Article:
Bartlett, Frank

Frank Bartlett, Gunner
18th SOS, Da Nang, Nakhon Phanom, Bien Hoa, and Pleiku, 1971-1972

Not wanting to complete our tour at NKP (pace and life was far too slow), Dan McDuffie and I volunteered our services with the 18th SOS, at Det 1, Da Nang AB. Upon arrival, we were both assigned to the same AC-119K gunner crew. Sometimes we would watch from the second floor of the barracks and knew Lt. Col. Teal was flying a TIC mission 8-10 miles south of Da Nang. We could always tell because he would have all the mini-guns on-line at the same time and held the trigger until all the ammo was expended. The barrels got so hot you could see the tracer rounds going through the barrels, and that’s hot.

We were assigned to Capt Dick Pollmann’s crew, called Pollmann’s Pirates, and after we had flown a few missions with him, Dan and I decided to make up names for each crew position. Some were interesting.

In-line with our determination to keep as busy as possible we volunteered our services to work in the squadron orderly room when we learned that the clerk was going PCS and was not going to be replaced (can you believe that). We worked for (then) Lt. Col. Fred Blum for about 10 months doing all the orderly functions in the OJT (On the Job Training) mode.

I also maintained the mission tape recorders that required some TLC maintenance caused by old equipment that ate tapes, cleaning the spindles, and repairing fixable broken parts. That was a job in itself.
The squadron was located on the opposite side of the runway from where the AC-119Ks were parked, and at one point the squadron had to contact the motor pool for transportation of flight crews to and from the aircraft. Well, Dan and I were determined to put an end to that. Somehow we were able to “get hold of” a large step-van that was out of funds to repair (according to the AF calculations), but it did sorta run. We somehow located spare parts to keep the engine running, etc (etc being classified) from the ol’ “bone yard” and had it in an up and running mode of transportation for the flight crews in short order. We decided to make up a Battle Damage Assessment (BDA) sign and we mounted it to the side of the crew-van.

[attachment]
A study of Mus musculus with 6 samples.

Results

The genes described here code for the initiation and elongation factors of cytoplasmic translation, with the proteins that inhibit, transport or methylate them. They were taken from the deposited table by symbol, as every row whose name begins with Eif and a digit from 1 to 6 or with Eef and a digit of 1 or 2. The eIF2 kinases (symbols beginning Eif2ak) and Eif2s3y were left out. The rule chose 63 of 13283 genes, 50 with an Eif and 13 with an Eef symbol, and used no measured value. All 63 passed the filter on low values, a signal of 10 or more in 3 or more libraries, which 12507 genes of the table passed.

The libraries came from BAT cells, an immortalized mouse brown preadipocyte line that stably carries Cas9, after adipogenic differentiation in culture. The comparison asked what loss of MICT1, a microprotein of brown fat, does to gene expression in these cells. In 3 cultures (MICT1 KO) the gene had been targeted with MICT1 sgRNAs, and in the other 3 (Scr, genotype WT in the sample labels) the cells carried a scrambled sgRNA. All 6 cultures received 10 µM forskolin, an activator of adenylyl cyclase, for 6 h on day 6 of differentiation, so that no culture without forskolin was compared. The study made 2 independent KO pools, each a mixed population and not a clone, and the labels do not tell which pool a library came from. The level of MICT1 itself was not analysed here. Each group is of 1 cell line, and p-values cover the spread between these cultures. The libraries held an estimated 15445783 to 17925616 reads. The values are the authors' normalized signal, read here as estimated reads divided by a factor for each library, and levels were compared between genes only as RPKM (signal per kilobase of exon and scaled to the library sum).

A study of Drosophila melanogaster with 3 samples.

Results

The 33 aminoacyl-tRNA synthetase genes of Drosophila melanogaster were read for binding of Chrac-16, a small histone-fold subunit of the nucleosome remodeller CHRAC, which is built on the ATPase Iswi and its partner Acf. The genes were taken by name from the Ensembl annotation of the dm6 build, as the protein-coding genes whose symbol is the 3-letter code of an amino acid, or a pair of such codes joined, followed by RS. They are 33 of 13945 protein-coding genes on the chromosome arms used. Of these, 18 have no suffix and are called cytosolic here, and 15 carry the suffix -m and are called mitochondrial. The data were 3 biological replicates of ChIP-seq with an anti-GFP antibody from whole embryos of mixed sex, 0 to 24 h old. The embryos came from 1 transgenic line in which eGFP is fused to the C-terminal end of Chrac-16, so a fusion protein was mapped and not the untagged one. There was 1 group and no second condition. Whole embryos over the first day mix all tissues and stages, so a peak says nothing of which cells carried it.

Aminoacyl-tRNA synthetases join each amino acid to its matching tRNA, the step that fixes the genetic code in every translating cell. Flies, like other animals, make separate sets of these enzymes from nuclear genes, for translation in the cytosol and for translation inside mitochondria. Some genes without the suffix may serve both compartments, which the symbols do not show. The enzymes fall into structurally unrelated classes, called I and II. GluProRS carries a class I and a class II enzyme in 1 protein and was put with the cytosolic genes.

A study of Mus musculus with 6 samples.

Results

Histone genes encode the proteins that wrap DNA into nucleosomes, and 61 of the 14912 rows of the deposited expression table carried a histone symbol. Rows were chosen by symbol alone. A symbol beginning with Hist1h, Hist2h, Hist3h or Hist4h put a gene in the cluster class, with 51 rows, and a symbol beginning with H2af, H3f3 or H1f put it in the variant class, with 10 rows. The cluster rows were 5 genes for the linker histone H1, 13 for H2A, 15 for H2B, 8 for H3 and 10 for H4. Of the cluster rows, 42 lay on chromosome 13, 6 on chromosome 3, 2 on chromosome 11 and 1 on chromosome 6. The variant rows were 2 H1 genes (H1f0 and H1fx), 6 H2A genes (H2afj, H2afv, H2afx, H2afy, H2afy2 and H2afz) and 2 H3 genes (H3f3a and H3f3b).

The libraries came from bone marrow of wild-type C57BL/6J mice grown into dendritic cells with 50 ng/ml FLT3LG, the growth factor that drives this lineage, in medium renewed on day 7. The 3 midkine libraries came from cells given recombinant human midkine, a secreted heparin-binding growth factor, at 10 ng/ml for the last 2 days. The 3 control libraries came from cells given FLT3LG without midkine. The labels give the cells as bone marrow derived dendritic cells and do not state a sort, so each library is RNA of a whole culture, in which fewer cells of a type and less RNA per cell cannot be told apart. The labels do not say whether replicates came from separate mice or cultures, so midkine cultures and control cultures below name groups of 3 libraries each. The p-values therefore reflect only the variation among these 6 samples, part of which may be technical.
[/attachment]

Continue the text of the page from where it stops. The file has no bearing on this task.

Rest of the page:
To keep our minds occupied, we also maintained and logged rocket attacks, including the number of explosions. Our log from 13 April 1972 through 23 Aug 1972 included this entry: “received 331 rounds of 122 mm rockets”. We had a few holes in our barracks room walls and locker, but we usually sought cover under our bunks; and having our footlockers between us and the falling rockets seemed to work.

One of the best missions appeared in the July 22, 1972 issue of Stars and Stripes. The mission occurred on the night of July 13, 1972. Our crew was awarded the Vietnamese Cross of Gallantry with the Silver Star for the Officers, and the Bronze Star for the enlisted, for which the crew had Congressional approval to wear, which was especially gratifying.

This was my most rewarding assignment in my 27 year career. I’d do it again today, if it weren’t for my age. But then again, what is age?